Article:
It is late morning and I am curled on our large, comfortable bed, sipping black coffee, staring out the window while I type. Braden is playing guitar at the other end of the van. He has made a commitment to practicing more, learning new songs, but with all the hiking and exploring we've been doing, he hasn't had much of a chance to fulfill said commitment. A red squirrell jumps around outside, panicked and alert at the sound of the guitar of which I am sure he cannot fathom the origins. It is likely he has never heard music before, at least in the sense that we know music.
We are camped on Emmett Lake on the interior of the Bruce Peninsula; a wonderful recommendation by a man named Martin, a photographer out of Guelph, who we met in Tobermory while enjoying a shared plate of fish and chips. He was doing some backwoods camping and we asked him if he might know a spot where we could park, undisturbed for the evening. The place is perfect. It is located at the end of a forked road that runs deep into Bruce Peninsula National Park. There is a canoe launch, but without the signs begging canoers and kayakers to wash off their canoes to deter cross species contamination, you would think this place wholly wild; untouched. The road out here is long, perhaps 6 or 7 kilometers, narrow and unpaved. The forest is mainly populated with cedars, their soft looking, light brown bark and fallen leaves creating a supple carpet underfoot. Outside I hear the chirping of birds, a welcome sound compared the the whining chorus of mosquitoes that was the soundtrack of our night here.
The sun is hiding today. So far we have been very fortunate, sunny blue skies nearly every day (albeit some mornings were rainy and cold), and I expect the sun to burn away the clouds shortly; the ground being occasionally dabbled with sunlight through the canopy gives me hope.
The water is very warm in this lake, though I have not yet gone in. Much warmer than Lake Huron, by a mile, although it is not nearly as vibrantly blue. The limestone bedrock around the area has made the waters of Lake Huron and Georgian Bay seem like water from the tropics, but for some reason, it has not had the same miraculous effect on Emmett Lake. Nonetheless, it is clear straight to the bottom, which is covered with rounded smooth rocks and muddy sand. The stars here last night were beautiful, despite the sky itself being fairly bright. At 1am, the sky was still a light navy colour instead of the pitch black that I have been hoping to see. This far North of Ottawa, the days do seem much longer, and it is often bright until 10pm or later. Today, we will continue to explore the Bruce Peninsula, hiking to a place the locals know as the Grotto, but I think our time here by Lake Huron and in Bruce county is almost at an end. Onward to Lake Superior we will push, where I hope things will be wilder and more beautiful still.
An update on yesterday's post. Braden and I hiked into the Grotto from a point far further from the designated trail. Instead of taking the marked Cyprus Lake trail, we took the Bruce Trail, starting at a backwoods campsite called Halfway Log Dump. From our departure point to the Grotto was 4.4km (a grossly overestimated "3 hour hike"). It took us not quite two hours to hike to the Grotto, and just over an hour back (we were both thirsty and starving, so we put our heads down and ground out the distance). Despite it having took us far fewer hours than the hike's estimated time, it was a grueling march. We must have climbed up and down the cliff face at least three times there and back again. Many parts of the trail were simply rocky footholds to climb up or down to the trail beyond. The views at some of the lookouts were stunning, showcasing the Caribbean like waters far below, and the Grotto was well worth the hike. A beautiful cave carved into the limstone bluffs, water clear as day, with tiny little turquoise bays lining the beach in that area. That being said, we were exhausted when we returned. Our feet were tired from trying to grip stone for hours, our throats parched and stomachs growling at us. Our legs were heavy, desperate for a stretch.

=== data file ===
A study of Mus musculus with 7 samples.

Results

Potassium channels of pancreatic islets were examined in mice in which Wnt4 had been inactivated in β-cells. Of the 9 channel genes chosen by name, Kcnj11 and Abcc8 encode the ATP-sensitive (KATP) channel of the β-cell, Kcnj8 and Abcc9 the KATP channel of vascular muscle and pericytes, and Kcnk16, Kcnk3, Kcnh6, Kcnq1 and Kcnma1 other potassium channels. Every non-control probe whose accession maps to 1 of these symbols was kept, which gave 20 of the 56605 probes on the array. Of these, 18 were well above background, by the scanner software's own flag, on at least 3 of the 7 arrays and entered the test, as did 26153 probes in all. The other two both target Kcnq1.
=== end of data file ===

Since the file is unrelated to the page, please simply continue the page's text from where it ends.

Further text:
The hike shed new insight on a much more demanding trek that we've only just recently heard about: The Barkley Marathons. The carefully selected participants of this "Ultra Marathon" must traverse a twenty mile loop through mountainous backwoods, facing a myriad of obstacles, and checking in at designated checkpoints (which they have to find on their own without a map), to ensure they've completed the loop. Then, they have to complete the loop four more times (each time in reverse direction; a total of 100 miles. They have only 60 hours to complete the marathon. At the end of our hike yesterday, we mused about the hard as nails endurance the Barkely Marathon winners (anyone who is able to complete the full five circuits) must have. In perspective, we hiked a measly 9 kilometers. If I'm generous, this means that we hiked about a quarter of ONE of the loops in the Barkely Marathon, on a MARKED trail, under no time constraints. I am not suggesting that we are hardened mountaineers - maybe one day - but the contrast leaves me in awe of the human capacity for drive, endurance and grit.